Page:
Yesterday, the United States Supreme Court decided Octane Fitness, LLC v. Icon Health & Fitness, Inc. and Highmark v. Allcare Health Management System, Inc., companion cases that will make it easier for prevailing parties to recover attorneys’ fees in patent infringement litigation. Together, the cases may have far-reaching consequences for litigation strategy and case management in cases involving a range of intellectual property disputes, not just patents.… More
Monthly Archives: April 2014
Yesterday, the Massachusetts Appeals Court affirmed the vacature of a $22.5 million verdict in a matter that began fifteen years ago in part as a dispute over a duplicitous authorship claim in a copyright registration. The case concerned the fraudulent autobiography: Misha: A Memoir of the Holocaust Years, a.k.a. Surviving with Wolves.
Surviving With Wolves
In 1994,… More
Court Dismisses Tarantino’s Copyright Claim Over Hyperlink To Leaked Script; Grants Leave to Amend But Notes That Fair Use Argument Is Strong
We recently reported on director Quentin Tarantino’s copyright lawsuit against Gawker Media over his leaked script for the film The Hateful Eight. The suit alleged that Gawker Media, by encouraging its readers to leak the script and then linking to the leaked script on another site, engaged in contributory copyright infringement. Gawker Media, arguing in part that a mere hyperlink could not be the basis for copyright infringement liability,… More
Once a piece of clothing has been styled, cut and shaped according to a designer’s vision, it is a form of expression arguably no less worthy of copyright protection than say, a photograph, painting, or poem. However, the “useful article” doctrine generally denies copyright protection for aspects of clothing design that are considered inherently functional or “utilitarian.” So, for example, the two-dimensional pattern on a dress may be copyrightable,… More
Quentin Tarantino probably wasn’t offended when the Hollywood gossip website Defamer, owned by Gawker Media LLC, compared him to a petulant child and accused him of throwing a “temper tantrum.” After all, the colorful characters in his films have uttered far more incendiary insults. But when the website published a story about Tarantino’s leaked script for the upcoming film The Hateful Eight,… More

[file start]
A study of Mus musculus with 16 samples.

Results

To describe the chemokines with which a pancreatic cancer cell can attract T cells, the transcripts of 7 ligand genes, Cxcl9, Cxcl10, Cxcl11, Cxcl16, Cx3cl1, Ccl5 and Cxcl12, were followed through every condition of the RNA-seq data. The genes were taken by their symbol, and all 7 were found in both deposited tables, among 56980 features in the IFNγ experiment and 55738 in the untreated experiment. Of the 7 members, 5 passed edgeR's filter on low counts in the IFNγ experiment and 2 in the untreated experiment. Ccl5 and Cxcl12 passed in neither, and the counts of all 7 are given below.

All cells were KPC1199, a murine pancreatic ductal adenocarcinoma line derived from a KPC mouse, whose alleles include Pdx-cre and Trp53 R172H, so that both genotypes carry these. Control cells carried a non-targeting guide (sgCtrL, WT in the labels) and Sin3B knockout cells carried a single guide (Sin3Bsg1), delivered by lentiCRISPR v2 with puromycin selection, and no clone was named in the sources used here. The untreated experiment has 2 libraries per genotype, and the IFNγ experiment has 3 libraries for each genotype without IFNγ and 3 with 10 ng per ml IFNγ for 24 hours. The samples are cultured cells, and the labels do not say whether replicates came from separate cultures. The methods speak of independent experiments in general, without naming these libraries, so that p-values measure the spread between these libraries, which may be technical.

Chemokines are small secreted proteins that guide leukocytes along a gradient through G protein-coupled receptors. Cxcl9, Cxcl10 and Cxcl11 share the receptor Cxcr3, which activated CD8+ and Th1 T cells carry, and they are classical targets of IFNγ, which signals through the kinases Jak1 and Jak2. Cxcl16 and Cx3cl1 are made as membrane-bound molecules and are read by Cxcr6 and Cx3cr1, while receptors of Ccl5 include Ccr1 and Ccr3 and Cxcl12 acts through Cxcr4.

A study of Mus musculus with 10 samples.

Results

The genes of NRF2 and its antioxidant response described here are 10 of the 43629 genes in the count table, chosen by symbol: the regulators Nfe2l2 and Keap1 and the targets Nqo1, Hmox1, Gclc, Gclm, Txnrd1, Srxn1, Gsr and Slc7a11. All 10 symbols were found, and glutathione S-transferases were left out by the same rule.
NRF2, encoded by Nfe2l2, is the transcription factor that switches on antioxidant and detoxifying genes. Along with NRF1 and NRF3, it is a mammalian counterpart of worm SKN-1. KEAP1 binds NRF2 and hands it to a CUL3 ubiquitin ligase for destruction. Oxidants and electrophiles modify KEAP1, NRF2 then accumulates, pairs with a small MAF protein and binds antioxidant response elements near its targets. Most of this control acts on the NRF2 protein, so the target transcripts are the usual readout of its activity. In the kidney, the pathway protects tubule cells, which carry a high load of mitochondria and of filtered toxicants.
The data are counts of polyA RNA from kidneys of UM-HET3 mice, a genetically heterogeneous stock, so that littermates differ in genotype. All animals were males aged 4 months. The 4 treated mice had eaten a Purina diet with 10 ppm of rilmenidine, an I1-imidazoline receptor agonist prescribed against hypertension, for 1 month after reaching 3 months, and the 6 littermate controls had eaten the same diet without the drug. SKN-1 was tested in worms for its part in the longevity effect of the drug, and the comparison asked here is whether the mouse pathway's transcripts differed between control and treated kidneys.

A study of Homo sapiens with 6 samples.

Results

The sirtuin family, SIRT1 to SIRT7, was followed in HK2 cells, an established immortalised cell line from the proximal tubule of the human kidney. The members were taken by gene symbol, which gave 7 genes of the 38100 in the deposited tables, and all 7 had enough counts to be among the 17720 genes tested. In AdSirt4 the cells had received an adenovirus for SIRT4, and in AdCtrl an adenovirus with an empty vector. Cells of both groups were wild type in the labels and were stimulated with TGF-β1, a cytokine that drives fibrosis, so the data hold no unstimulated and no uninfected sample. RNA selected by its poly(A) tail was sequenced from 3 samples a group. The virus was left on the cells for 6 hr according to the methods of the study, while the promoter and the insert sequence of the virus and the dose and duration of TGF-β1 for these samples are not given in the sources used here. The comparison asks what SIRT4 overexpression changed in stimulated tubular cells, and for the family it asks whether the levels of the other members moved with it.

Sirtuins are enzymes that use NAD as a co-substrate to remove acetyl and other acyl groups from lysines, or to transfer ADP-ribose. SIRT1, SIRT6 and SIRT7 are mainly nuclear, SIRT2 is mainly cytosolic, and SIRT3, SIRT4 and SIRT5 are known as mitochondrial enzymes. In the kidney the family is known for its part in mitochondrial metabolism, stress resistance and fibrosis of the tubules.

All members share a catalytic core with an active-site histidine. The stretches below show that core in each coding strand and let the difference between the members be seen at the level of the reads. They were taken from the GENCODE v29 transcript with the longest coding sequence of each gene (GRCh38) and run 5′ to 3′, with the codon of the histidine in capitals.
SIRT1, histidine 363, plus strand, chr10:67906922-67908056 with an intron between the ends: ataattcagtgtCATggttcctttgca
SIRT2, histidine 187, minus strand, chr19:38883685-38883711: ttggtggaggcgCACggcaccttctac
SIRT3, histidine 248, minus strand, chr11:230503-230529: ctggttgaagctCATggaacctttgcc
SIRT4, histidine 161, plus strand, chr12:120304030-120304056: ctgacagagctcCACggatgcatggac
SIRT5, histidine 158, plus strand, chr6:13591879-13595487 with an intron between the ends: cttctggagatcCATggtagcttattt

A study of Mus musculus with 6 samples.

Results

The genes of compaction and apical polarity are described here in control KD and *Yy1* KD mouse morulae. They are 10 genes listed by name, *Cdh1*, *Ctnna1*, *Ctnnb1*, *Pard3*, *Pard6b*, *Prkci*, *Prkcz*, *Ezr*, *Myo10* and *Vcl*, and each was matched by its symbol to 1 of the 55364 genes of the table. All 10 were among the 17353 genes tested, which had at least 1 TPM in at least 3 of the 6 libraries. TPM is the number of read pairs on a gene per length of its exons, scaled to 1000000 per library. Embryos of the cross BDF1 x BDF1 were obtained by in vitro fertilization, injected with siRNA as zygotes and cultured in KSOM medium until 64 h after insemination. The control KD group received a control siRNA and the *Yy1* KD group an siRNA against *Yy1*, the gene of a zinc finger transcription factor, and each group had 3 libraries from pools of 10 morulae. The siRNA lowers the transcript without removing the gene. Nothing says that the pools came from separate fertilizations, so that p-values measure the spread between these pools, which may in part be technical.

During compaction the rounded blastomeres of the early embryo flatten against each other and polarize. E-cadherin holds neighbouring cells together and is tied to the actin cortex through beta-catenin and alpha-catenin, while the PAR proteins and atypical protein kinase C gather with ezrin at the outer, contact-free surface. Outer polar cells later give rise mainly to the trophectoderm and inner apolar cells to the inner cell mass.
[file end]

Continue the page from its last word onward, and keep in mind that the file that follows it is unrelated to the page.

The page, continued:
Catholic Priest Permitted To Conceal Non-Privileged Nature Of Defamatory Communication Until Statute Of Limitations Runs
In a recent unanimous decision in Harrington v. Costello, the Massachusetts Supreme Judicial Court (SJC) held that the statute of limitations had run out on a Catholic priest’s defamation claim against his colleague, even though the colleague had allegedly fraudulently concealed the source of the defamatory statement.
The plaintiff, John Harrington, was a priest at St.… More
In Dardenne v. MoveOn.org, the Middle Louisiana Federal District Court faced a conflict between trademark protection, on the one hand, and the First Amendment’s protection of political advocacy, on the other. The Court concluded that trademark law cannot be used to suppress political advocacy, at least in the absence of a compelling need to protect the mark and a demonstrable likelihood of confusion.… More
Tax day presents several interesting questions for copyright holders, not the least of which is how the Internal Revenue Service (IRS) will treat income from the sale or exclusive license of a copyright. If a copyright is a “capital asset,” proceeds from its sale or exclusive license are a capital gain rather than ordinary income, and the transaction will be taxed at a much lower rate.
Prior to 1950,… More
Can Private Photos Be Used In Political Ads Without Permission? Colorado Court Rejects Gay Couple’s Misappropriation Claim; Copyright Claim Survives
When we upload family pictures to the internet, we understand that, in theory, anyone in the world might download them and use them for some nefarious purpose. However, we usually take comfort in the fact that most of us just aren’t interesting enough to be noticed. But that wasn’t the case for New Jersey couple Brian Edwards and Thomas Privitere.
In 2010,… More
Does The First Amendment Allow Journalists To Lie To Their Subjects? U.S. Senator Accuses Documentary Film Makers Of Fraud
On April 1, 2014, West Virginia Senator Joe Manchin issued a press release accusing Adroit Films of fraud. Manchin had agreed to be interviewed by the media company for a documentary about the Upper Big Branch mine disaster, which caused the death of 29 miners in 2010. However, Manchin reports that when the documentary was released on March 31,… More
On March 13, 2014, the Judiciary Committee of the United States House of Representatives, through its Subcommittee on Courts, Intellectual Property and the Internet, held hearings regarding the copyright infringement notice and takedown procedures set forth in 17 U.S.C. § 512, the Digital Millennium Copyright Act. The focus of the discussion concerned whether the DMCA fairly allocates the burdens of copyright enforcement and administration of the takedown process among copyright owners,… More
ICANN’s new generic top-level domain name (gTLD) program has introduced opportunities and risks for companies, and probably not in equal measure. Several weeks ago, we posted some guidance regarding steps all brand owners should be taking to secure their valuable trademarks in connection with the launches of the new top-level domain names. Joshua Jarvis, a member of Foley Hoag’s Trademark,… More
Last week, Taco Bell released a TV commercial featuring real men named Ronald McDonald enjoying Taco Bell’s new breakfast items. This is very creative advertising, but is not for the faint of heart. Using a competitor’s trademarks is always a risky business. Do not try this at home. At least not without calling your trademark lawyer first.